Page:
On Friday, Collins said his emotions boiled over after the loss when he ripped into his team for what he, at the time, perceived as a lack of effort, stating that it was only meant to invoke some motivation. Even after this sluggish second half -- New York entered Friday's series opener against the Marlins with a 20-43 post All-Star break record -- the skipper said he wants to silence any notion that his players have given up.
"There's a lot of guys playing for a lot of things in there -- be it contracts, be it jobs or just pride alone," Collins said. "But everybody plays for something, and I know they are. We just need to continue to battle through one of the worst times any of us have ever been through in the game."
Collins wanted to let his team know that, and in turn spoke individually to every player on Friday, stressing things like manager accountability and apologizing for his harsh words the previous night.
"I'm very proud of this team, the way they played all year," Collins said. "The one thing I will never, ever talk about is their effort. Their effort has always been there. ... The issue has been, as a manager, you sit here and you try to fix it, you try and figure out how to fix it. And you pull out all of your stops. No matter what you've done in the past, you try and find an answer, and when you don't have any answers, it's frustrating."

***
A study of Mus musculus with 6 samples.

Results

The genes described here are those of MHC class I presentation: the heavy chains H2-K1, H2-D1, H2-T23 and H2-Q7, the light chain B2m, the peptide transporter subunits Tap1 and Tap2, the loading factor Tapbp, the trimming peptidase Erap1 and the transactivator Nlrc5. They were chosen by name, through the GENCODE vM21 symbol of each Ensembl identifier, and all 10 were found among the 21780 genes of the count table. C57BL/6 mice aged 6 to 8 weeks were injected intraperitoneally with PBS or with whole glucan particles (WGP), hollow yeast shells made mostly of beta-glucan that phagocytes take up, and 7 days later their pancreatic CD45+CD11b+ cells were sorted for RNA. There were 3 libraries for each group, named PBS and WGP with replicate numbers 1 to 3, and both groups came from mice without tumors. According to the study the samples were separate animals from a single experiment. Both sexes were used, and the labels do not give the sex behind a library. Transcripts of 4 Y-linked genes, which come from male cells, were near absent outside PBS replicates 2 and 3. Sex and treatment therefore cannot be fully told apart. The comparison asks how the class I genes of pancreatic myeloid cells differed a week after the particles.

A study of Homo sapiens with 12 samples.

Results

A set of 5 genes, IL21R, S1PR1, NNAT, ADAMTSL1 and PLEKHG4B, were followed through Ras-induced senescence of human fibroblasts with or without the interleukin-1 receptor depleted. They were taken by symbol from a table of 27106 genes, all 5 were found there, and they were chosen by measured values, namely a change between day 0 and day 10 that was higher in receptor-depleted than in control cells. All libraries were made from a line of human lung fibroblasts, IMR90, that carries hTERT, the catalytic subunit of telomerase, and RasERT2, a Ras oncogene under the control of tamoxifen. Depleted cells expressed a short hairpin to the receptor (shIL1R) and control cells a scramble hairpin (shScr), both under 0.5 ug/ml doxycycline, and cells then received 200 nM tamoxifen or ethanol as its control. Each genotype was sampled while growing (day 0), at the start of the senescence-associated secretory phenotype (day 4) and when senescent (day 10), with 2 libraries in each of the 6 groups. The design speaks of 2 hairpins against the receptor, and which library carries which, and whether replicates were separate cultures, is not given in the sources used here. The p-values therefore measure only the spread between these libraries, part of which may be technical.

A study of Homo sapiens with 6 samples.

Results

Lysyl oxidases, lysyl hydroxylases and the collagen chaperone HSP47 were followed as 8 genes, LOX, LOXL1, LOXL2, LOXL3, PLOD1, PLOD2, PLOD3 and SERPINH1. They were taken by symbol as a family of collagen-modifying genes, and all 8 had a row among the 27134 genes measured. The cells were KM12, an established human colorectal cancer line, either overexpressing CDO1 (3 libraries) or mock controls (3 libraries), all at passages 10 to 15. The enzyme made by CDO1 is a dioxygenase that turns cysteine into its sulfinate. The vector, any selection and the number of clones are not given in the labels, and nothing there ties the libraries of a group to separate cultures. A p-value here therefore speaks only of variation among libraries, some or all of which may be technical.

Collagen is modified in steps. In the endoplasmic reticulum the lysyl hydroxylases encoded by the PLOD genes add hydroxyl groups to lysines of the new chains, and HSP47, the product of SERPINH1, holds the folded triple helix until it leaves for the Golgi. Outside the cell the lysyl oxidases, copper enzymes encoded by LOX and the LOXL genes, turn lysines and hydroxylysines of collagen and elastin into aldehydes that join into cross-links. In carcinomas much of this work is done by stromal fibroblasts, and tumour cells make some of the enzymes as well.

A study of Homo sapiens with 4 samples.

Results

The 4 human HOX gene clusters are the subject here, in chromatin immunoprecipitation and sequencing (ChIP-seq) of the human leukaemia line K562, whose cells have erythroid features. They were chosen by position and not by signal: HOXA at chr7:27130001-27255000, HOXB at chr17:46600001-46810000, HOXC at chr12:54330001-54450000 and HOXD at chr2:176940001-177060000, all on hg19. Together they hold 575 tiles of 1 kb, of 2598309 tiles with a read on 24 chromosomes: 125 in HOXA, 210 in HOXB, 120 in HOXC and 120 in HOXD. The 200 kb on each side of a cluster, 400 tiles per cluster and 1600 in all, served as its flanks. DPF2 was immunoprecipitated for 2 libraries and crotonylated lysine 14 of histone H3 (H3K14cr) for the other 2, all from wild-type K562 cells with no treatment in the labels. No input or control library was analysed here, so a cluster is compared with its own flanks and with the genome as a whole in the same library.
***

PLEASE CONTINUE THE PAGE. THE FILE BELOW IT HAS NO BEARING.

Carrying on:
The Mets silenced a lot of critics with their play in the first half, but the second-half showing is more than just poor play. New York has sustained more than a handful of injuries this season, and just two members of its Opening Day rotation are still pitching.
But despite all of it, Collins said there is nothing that can totally excuse how the Mets have played in the second half, especially in front of their home fans.
"I believe in accountability that starts with me, and I want them to know that I'll be the first guy to stand up and be held accountable for what's gone on here," Collins said. "But I want them to know that we set the bar high, we set our expectations high and we're not living up to them."